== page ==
No one likes it when a forecast does not work out well.  The public feels misled. The meteorologists feel frustrated.  Only misanthropes are happy when this type of thing happens.

I take only two comforts from this particular storm.

First, my forecast totals were generally lower than many other outlets.  Not all… but many. I carried 3-6″ in Lynchburg. We got two.

Second, most of the meteorological community figured the heaviest amounts would be a short drive north of Lynchburg, and that was the case… with much of Amherst, Bath, Nelson, and Rockbridge Counties getting 3-6 inches.  Unfortunately, I was going with a 4-8″ idea in those places (with a few areas approaching 10″).

The late afternoon burst of snow got much of Southside into the 1″ territory, only edging into the 1-3″ range that was forecast.

Roanoke was probably the biggest bust.  Only an inch there, where I was carrying 2-5 inches.

A colleague in Richmond, Dave Tolleris, runs a weather site called wxrisk.com.  Dave has built quite an internet reputation for himself.  While his communication style may not fit everyone, he knows what he is doing.  Dave has an excellent post-mortem, which he has given me permission to repost below.  Enjoy… while I go compile snow reports.  -ss

* * *

Over central and southern portions of the Piedmont… as well as southwest Virginia and in Central Virginia in and around the Richmond metro area… the snow accumulations were killed by the appearance of the dry slot. For those of you who are not familiar with what this is, large areas of LOW pressure will pull in dry air from a nearby location which gets pulled into the center of the low. In doing so, this dry air can break apart clouds (and moderate or heavy precipitation), so that a dry area (or one of little precipitation) develops.

Anytime you have a winter storm… or even a regular low pressure area coming from Tennessee and Kentucky and southwest Virginia… you always have to be very conscious of the dry slot appearing… and coming up from western and Central North Carolina into Central Virginia. The dry slot effect can also be enhanced by the mountains over Tennessee, West Virginia, and southwestern Virginia which can break apart precipitation whether it’s rain, thunderstorms, or even snow. The point here is that I, along with many other forecasters, were looking to see if there was going to be a dry slot with the system… because we all know that this can happen when you have LOW pressure areas coming in from Tennessee and tracking into North Carolina / Southern Virginia.

The short-range RAP model snow forecast from the from 8 am MONDAY RUN for the next 12 hrs showed not even the slightest hint of the dry slot. There was a weakness in the heavy snow shields over Lynchburg and the southern Piedmont area, but certainly nothing like a massive dry slot which appeared at midday over the Piedmont and Central Virginia. The RAP is specifically designed for a very short-range mesoscale features, and it should have been for more accurate. Another one of these short-term high-resolution small-scale weather models… known as the HRRR… at 7am had 7-8″ over RICHMOND.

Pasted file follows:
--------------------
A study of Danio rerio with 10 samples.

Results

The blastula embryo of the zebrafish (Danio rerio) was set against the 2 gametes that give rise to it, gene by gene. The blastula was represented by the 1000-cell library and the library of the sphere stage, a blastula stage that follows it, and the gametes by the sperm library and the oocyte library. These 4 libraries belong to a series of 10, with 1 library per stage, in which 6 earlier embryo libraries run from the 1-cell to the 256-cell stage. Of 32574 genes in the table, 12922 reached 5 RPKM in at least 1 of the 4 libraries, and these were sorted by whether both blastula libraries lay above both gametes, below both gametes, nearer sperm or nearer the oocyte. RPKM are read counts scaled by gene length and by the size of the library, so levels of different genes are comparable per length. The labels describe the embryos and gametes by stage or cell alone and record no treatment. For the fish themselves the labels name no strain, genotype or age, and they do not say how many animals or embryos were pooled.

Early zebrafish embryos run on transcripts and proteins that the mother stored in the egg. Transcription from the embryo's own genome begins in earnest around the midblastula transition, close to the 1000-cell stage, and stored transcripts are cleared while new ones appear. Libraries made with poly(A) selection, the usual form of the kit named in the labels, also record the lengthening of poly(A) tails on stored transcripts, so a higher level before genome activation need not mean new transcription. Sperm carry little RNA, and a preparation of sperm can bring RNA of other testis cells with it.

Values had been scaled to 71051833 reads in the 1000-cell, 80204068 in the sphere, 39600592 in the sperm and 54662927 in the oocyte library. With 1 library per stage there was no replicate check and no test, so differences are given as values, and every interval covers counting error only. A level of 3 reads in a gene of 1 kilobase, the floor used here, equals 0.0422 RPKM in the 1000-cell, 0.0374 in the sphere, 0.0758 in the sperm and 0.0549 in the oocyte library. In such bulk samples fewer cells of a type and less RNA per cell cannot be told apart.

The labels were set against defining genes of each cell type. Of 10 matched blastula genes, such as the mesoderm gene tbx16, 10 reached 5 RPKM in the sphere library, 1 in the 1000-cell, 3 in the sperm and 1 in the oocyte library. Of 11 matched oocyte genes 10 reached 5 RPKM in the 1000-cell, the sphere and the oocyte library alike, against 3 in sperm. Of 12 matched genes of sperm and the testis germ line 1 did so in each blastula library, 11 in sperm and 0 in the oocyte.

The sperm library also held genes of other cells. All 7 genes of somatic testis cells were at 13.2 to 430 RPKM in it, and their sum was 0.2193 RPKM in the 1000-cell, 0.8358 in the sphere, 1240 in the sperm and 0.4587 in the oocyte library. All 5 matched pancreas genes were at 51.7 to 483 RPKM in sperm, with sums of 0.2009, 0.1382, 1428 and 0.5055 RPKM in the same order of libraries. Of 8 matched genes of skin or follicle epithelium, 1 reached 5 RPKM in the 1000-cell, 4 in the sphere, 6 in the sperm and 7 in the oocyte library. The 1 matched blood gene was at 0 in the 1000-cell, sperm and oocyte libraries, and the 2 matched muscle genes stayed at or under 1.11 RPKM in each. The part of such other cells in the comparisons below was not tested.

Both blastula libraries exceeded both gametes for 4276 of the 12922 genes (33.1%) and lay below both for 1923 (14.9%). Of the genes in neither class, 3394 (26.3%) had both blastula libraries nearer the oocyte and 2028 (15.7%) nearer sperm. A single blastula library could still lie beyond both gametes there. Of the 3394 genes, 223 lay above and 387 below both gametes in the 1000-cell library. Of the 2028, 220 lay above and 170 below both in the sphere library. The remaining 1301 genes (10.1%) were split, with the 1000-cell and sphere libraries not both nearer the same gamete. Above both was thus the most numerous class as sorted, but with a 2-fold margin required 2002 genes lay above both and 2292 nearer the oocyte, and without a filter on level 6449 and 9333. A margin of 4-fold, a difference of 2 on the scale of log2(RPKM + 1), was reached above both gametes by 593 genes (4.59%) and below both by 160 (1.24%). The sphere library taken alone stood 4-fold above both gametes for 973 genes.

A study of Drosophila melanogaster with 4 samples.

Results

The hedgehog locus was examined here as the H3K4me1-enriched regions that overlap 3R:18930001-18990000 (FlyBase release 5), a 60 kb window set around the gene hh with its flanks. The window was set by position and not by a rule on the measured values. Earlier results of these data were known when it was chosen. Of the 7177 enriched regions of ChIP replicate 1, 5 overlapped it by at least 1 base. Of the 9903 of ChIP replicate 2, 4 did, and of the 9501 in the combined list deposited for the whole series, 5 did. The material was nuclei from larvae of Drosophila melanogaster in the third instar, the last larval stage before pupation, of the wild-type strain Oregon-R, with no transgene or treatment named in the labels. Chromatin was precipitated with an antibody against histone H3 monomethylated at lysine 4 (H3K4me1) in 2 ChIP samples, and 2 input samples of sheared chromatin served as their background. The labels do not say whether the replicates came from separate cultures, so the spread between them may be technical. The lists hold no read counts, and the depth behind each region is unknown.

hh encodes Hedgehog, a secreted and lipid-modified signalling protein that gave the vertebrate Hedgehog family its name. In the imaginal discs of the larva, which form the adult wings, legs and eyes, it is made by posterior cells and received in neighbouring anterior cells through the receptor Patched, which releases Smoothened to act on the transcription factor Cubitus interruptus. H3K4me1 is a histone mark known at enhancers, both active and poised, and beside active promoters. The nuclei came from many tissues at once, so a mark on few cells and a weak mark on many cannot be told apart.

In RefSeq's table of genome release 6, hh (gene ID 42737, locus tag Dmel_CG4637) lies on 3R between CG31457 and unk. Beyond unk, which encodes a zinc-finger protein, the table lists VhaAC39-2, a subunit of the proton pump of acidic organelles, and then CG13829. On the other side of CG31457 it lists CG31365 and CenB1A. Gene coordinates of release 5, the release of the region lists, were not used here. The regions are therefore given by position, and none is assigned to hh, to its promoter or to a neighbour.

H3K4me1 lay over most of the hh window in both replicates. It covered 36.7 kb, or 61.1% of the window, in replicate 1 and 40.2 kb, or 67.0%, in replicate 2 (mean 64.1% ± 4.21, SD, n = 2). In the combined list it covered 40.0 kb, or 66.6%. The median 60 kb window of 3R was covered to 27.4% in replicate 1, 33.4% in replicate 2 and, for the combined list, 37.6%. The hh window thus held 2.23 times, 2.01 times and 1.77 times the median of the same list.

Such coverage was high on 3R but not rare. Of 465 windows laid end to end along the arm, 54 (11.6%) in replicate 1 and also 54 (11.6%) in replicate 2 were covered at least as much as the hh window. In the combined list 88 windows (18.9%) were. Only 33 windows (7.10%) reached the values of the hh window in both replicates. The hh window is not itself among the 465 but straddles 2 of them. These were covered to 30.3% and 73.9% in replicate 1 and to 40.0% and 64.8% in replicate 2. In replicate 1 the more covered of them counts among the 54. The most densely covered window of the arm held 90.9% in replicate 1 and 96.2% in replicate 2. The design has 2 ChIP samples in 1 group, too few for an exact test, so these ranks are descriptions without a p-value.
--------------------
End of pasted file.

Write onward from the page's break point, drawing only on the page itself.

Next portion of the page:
The truth is that this was an extremely difficult system to forecast at all levels. From several days out when this Low / system appeared to a Pennsylvania New England snow… then a Maryland Pennsylvania NYC snow… then a good Virginia Maryland snow… and now it has turned out to be a very ordinary system. In some ways this is symptomatic of the seasonal pattern which has seen weather systems several days out come across as a big East Coast winter storms only to end up as a more moderate system when the low pressure area finally develops bring in the precipitation.

So, from the extended range… through the medium range… and to the past weekend up until early Monday morning all the models at every single stage really failed quite badly at handling the system. This is also true with the European model which also over-forecast the snow amounts in Kentucky and Tennessee as well as Central West Virginia.

I suppose one could make the argument that given how badly the models have handled this particular system… how they were always playing catch-up to reality… how the cold air kept coming in faster and faster forcing the system to shift farther and farther south…. that this should have been a warning sign that something else was going on. On the other hand, weather models should be able to detect the dry slot within 24 hours before the event begins. It’s not 1964…. it’s 2014 and it really should not be that much of an unreasonable demand.

One can make the case that because the system was crossing the mountains of eastern TN eastern KY, WVA that there would this gaps in the snow shield. But again, the other side of the coin is that because this system was moving so fast one could make the argument that the impact of the mountains on this sort of low and its precipitation would be significantly less.

A difficult, challenging, and sobering forecast.

About seansublette

Meteorologist at Climate Central. Broadcast meteorologist in Virginia from 1995 to 2015. Born and raised in Richmond, VA. Penn State alumnus. Loves baseball and the rock band Rush. Views are independent of my employer. Past performance does not guarantee future results.
This entry was posted in Forecast Discussions, Weather Communications and tagged , , , , , , . Bookmark the permalink.